I was in Abilene, Texas last week with a client and, over lunch, heard some very troubling news.

I was in Abilene, Texas last week with a client and, over lunch, heard some very troubling news.

Apparently, it’s not uncommon for Hispanic families in Texas to refuse to speak spanish to their children in an effort to better their career opportunities.

Listen to that same statement another way: 



By NOT making their kids bilingual, they feel they are IMPROVING the child’s chances at getting jobs.


Unless you speak Cherokee or Crow or Iroquois or Apache, aren’t we ALL speaking a foreign language? Something not native to our great country?!?!

In a global economy, only about 1 in 5 Americans can fluently speak more than one language (I’m definitely not one of them). To me, this is a huge disadvantage.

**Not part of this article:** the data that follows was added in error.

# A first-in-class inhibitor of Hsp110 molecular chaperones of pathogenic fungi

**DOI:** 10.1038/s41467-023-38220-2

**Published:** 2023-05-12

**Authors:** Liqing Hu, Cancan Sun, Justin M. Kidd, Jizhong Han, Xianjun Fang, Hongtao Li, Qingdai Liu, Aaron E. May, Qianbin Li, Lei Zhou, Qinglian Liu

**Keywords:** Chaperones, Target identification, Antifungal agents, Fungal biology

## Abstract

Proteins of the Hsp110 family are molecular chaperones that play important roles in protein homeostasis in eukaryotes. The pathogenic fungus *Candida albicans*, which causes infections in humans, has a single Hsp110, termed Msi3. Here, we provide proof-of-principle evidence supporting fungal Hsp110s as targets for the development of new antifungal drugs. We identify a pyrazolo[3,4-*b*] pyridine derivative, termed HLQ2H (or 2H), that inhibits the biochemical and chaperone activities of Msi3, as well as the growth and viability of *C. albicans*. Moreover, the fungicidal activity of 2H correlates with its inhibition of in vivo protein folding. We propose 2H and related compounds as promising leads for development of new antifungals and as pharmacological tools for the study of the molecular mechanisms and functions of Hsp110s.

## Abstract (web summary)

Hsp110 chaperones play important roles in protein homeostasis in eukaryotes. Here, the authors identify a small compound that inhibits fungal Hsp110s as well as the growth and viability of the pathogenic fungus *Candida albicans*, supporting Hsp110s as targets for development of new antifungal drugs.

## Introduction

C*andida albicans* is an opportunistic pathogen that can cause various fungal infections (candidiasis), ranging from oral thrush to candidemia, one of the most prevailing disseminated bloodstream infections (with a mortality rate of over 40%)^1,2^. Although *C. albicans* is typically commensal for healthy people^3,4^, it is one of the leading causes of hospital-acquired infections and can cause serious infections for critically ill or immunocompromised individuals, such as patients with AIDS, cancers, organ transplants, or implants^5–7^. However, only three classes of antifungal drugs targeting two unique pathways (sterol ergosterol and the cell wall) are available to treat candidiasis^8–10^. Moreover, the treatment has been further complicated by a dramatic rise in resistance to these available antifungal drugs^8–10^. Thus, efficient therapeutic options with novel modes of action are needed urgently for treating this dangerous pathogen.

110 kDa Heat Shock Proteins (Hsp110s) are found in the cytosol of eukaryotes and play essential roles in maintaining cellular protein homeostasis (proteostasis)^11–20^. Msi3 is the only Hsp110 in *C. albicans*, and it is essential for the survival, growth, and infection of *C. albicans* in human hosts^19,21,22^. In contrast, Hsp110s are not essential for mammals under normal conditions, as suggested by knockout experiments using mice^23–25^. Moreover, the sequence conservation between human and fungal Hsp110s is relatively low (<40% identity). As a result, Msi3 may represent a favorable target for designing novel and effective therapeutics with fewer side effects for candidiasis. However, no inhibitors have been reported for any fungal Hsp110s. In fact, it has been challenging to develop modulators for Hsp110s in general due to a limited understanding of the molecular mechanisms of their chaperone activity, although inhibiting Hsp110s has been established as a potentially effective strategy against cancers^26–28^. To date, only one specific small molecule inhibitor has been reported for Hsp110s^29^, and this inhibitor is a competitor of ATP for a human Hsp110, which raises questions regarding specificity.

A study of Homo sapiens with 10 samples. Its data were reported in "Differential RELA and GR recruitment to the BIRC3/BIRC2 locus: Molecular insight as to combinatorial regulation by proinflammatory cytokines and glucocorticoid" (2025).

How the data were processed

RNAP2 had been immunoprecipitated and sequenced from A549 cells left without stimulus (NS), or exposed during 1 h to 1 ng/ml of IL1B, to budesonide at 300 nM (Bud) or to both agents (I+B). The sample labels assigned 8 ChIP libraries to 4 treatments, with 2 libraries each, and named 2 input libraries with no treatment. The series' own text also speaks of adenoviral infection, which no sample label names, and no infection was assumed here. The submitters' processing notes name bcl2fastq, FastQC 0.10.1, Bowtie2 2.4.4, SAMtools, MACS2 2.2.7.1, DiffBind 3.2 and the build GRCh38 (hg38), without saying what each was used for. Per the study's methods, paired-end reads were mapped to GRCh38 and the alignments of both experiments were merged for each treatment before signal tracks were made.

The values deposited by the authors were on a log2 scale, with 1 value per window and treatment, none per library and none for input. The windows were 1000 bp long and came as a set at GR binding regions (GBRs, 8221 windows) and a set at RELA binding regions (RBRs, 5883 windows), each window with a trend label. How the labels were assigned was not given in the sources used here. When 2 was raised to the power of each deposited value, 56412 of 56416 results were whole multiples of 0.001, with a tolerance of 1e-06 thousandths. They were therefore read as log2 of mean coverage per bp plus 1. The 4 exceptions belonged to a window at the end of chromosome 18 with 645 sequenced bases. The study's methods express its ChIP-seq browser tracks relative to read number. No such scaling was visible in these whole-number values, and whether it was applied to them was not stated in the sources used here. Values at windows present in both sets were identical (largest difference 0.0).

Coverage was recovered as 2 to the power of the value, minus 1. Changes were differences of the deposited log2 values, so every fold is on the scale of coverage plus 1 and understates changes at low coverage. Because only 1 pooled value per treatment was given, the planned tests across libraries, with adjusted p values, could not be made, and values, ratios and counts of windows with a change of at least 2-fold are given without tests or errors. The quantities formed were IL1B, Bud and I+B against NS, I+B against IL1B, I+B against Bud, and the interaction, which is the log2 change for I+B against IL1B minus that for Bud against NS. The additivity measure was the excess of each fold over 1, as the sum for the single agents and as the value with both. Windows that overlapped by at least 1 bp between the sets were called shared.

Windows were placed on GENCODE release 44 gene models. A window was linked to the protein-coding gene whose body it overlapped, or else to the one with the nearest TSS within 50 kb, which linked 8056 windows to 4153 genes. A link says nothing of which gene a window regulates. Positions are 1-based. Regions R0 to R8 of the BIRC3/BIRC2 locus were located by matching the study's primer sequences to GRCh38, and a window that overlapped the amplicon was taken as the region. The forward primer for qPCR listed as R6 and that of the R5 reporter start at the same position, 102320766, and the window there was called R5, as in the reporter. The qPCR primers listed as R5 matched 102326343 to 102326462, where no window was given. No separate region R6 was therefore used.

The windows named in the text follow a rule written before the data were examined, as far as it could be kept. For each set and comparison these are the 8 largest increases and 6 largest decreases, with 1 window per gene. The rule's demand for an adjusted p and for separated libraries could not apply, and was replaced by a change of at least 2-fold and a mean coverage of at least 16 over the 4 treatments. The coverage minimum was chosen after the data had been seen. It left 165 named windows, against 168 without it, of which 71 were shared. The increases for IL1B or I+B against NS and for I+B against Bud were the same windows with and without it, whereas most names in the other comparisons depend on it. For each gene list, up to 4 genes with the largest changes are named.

Add to that, the Hispanic population of the United States as of July 1, 2012 was 53 million, making people of Hispanic origin the nation’s largest ethnic or racial minority. Hispanics constituted 17% of the nation’s total population. To me, hiring a Spanish speaking employee would be a huge advantage.

But, I might have let all that slide without this rant until, while drinking my morning cup of joe (Jose) this morning, I read a story about a man who had to change his name to get job offers.






Check out the YouTube link above. It’s about a cat named Jose Zamora who applied for the same jobs both as Jose and Joe.  Jose had no luck … Joe received calls back.

Certainly, I hope neither Jose or Joe wore that darn sideways San Jose (or San Joe) Shark’s hat to the interviews, but we’re talking about “at bats” here … chances to impress. He’s on his own face-to-face.

Help me out here … is this where our great country is?  Please, tell me differently! Tell me that parents don’t have to neglect their family heritage – and make their children LESS educated by encouraging them to be unilingual. Tell me that people don’t need to change their birth names to be seen as more American to get a job.